If you are looking at investing in a new home or planning to sell your existing one, then you know just how mind boggling the taxes involved in the buying and selling of properties in India can be. In this article we will try to break down the various taxes and costs involved so that you can further use this knowledge to save on property taxation by availing of the various exemptions and deductions available.


Under Construction properties maybe easier on the pocket and the price difference between a UC property and a RTM property may vary from 10 – 30%. These properties have an extended window between the start of construction and completion that may allow you to enjoy considerable capital appreciation. UC properties are RERA registered and have to comply with RERA guidelines and rules that protect your interests as a consumer.

RTM properties have a negligible wait period and you can simply complete the formalities and move in, which helps you save on time and possible rental expenditure. These properties are free from GST implications and you will be saving a full 12% by investing in an RTM property.


Stamp duty is paid on the sale agreement in order to render a transaction legal. It ranges from 5-7% and varies from state to state. Registration charges are needed to register the sale with a government approved registration officer and these are 1% of the total cost.

TDS @1% should be deducted by the purchaser of the property at the time of paying the sale consideration in case of properties where the value is equal to or more than 50 lakhs.

Another distinction to be made, is between Property Tax and Income Tax on income from property. Property Tax is levied by the local body like Panchayat/Municipality/Municipal Corporation while Capital Gains Tax is levied by the Central Government. The method of computation of amount of tax payable in both cases is very different. Property tax is charged by the local authorities for upkeep and maintenance of basic amenities and infrastructure in the area. Vacant plots of land are not liable to be taxed under property tax.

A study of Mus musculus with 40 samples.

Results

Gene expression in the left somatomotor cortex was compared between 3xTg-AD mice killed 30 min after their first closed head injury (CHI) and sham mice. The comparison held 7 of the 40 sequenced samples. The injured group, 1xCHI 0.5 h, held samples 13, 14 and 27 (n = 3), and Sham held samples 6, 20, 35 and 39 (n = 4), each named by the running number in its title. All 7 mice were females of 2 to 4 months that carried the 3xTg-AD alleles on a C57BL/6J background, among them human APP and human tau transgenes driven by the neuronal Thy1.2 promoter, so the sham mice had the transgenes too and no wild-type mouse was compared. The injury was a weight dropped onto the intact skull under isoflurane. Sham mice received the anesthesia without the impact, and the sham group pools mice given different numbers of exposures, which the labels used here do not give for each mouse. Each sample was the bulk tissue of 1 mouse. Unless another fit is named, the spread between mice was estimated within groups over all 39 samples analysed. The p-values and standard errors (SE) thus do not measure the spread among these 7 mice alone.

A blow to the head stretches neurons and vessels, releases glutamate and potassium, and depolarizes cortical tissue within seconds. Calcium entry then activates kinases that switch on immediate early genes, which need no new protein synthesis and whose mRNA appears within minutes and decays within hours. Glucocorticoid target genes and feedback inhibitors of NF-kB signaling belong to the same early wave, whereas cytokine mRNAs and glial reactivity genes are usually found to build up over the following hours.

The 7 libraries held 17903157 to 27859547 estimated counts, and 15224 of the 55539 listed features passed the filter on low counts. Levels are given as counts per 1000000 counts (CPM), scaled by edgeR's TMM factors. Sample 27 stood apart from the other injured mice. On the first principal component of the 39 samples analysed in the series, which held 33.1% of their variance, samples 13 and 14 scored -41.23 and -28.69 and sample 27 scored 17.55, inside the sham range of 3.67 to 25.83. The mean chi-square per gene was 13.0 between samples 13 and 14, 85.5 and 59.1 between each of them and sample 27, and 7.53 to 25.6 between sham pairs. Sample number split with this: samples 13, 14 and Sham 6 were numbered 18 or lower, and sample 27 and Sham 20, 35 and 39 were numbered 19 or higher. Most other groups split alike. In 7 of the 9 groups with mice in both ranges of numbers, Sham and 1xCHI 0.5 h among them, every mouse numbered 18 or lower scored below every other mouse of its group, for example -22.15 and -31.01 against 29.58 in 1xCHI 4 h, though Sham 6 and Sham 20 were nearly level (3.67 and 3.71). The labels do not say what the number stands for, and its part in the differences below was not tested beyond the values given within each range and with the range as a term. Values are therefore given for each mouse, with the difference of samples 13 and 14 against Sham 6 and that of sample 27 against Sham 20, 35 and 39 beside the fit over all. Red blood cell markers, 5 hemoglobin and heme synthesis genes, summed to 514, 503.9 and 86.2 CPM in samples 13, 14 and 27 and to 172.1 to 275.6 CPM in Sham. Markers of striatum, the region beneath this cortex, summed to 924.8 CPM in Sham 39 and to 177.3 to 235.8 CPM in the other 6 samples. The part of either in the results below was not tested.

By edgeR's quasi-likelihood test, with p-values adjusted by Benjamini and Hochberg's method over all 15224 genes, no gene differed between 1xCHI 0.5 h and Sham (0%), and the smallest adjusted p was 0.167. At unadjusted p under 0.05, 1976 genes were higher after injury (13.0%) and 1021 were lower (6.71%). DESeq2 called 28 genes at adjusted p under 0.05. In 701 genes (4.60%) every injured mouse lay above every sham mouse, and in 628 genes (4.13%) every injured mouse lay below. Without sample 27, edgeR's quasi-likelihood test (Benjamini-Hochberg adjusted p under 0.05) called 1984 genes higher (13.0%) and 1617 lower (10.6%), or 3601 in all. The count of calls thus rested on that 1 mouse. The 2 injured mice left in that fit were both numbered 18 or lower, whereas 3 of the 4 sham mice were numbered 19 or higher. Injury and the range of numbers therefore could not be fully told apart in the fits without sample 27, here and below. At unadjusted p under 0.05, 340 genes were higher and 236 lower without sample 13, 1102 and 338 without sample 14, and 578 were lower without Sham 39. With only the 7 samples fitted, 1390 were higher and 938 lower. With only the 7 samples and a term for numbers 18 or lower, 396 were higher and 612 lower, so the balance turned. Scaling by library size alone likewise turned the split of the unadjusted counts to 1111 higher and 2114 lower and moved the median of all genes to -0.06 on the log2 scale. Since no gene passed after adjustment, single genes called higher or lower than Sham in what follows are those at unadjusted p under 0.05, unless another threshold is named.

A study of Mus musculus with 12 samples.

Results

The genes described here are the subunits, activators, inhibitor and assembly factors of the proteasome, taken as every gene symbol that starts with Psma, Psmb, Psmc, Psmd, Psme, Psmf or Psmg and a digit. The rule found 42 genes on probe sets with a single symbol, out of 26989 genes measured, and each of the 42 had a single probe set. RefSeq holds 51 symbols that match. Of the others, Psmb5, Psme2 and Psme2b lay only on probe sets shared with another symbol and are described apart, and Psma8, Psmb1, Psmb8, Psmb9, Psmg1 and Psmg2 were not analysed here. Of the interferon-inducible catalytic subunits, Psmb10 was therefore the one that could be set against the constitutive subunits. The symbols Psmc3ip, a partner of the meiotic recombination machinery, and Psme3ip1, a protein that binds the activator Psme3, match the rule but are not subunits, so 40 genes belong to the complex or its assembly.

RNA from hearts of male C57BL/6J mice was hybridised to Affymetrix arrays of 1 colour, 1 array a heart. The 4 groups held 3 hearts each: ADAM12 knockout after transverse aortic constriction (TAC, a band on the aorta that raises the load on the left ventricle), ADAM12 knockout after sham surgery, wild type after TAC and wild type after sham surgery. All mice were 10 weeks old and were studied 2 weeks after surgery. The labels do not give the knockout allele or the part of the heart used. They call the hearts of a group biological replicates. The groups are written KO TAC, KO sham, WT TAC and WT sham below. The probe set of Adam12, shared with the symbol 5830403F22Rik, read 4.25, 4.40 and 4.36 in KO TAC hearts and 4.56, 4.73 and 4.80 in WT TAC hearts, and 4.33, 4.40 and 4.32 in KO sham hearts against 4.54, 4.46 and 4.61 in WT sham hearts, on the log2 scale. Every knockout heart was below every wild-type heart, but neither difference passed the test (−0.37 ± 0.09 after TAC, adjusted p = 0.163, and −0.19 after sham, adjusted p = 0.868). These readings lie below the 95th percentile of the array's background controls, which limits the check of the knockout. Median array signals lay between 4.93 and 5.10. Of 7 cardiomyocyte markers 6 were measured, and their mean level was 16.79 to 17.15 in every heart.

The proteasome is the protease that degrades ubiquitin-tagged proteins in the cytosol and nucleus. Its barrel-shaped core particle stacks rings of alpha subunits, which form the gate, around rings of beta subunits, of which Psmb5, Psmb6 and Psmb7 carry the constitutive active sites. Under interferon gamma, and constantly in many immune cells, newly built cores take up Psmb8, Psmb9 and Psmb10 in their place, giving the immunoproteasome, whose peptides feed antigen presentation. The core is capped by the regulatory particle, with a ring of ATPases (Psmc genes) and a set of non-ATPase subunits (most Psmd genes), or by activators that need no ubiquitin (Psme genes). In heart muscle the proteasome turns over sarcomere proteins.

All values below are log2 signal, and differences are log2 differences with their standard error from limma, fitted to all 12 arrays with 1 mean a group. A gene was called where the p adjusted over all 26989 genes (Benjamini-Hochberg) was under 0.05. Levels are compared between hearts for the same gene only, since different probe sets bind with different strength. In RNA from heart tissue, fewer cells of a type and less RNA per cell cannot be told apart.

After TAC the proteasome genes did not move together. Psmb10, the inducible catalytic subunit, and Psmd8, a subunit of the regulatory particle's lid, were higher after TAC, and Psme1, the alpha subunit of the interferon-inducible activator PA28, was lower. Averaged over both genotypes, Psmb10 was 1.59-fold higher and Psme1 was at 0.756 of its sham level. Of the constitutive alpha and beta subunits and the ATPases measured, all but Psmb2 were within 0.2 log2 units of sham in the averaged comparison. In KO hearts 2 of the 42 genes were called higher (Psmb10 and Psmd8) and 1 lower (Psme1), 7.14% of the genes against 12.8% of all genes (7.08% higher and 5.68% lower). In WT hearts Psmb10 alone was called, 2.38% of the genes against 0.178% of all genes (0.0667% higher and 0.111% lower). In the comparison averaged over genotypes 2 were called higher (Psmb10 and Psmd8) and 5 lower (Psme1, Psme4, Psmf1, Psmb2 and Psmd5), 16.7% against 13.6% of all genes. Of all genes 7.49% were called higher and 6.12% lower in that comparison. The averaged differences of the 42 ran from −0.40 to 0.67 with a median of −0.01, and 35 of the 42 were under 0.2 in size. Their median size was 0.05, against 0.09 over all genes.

There are 3 main ways in which property tax can be calculated:

  • Annual Rental Value (ARV): This is a system in which the gross annual rent of the property is determined by the concerned local body and taxes are levied based on this value.
  • Capital Value System (CVS): In this system the market value of the property is used to determine the taxes to be paid.
  • Unit Area System (UAS): Taxes are levied based on the per unit price of the carpet area of the property.

Another tax related to the sale and purchase of properties is Capital Gains Tax.When you sell a property at a rate higher than its purchase price then you will be liable to pay Capital Gains Tax.

Short term capital gains is gain from the sale of a property that you have owned for less than 2 years. Taxation on this gain is calculated based on your current tax slab. You are allowed to deduct any brokerage or commission that you have paid from the sale amount. You are also allowed to deduct expenditure on construction and improvement. The liability you will incur under STCG is significantly high if you belong to a higher tax slab. In this case it is better if you hold the property for a period of 2 years before sale.

Long Term capital Gains arise from sale of property that has been held for a period of more than 2 years. It is the difference between the value of the sales consideration and the indexed cost of the property. The benefit of indexation is allowed in this case to offset the impact of inflation. You are allowed the same deductions as STCG as well as indexation benefits. You can also gain exemptions by investing the gains in residential property or buying capital gains bonds issued by REC or NHAI.

This article is based on information from various sources and cannot be taken as professional advice.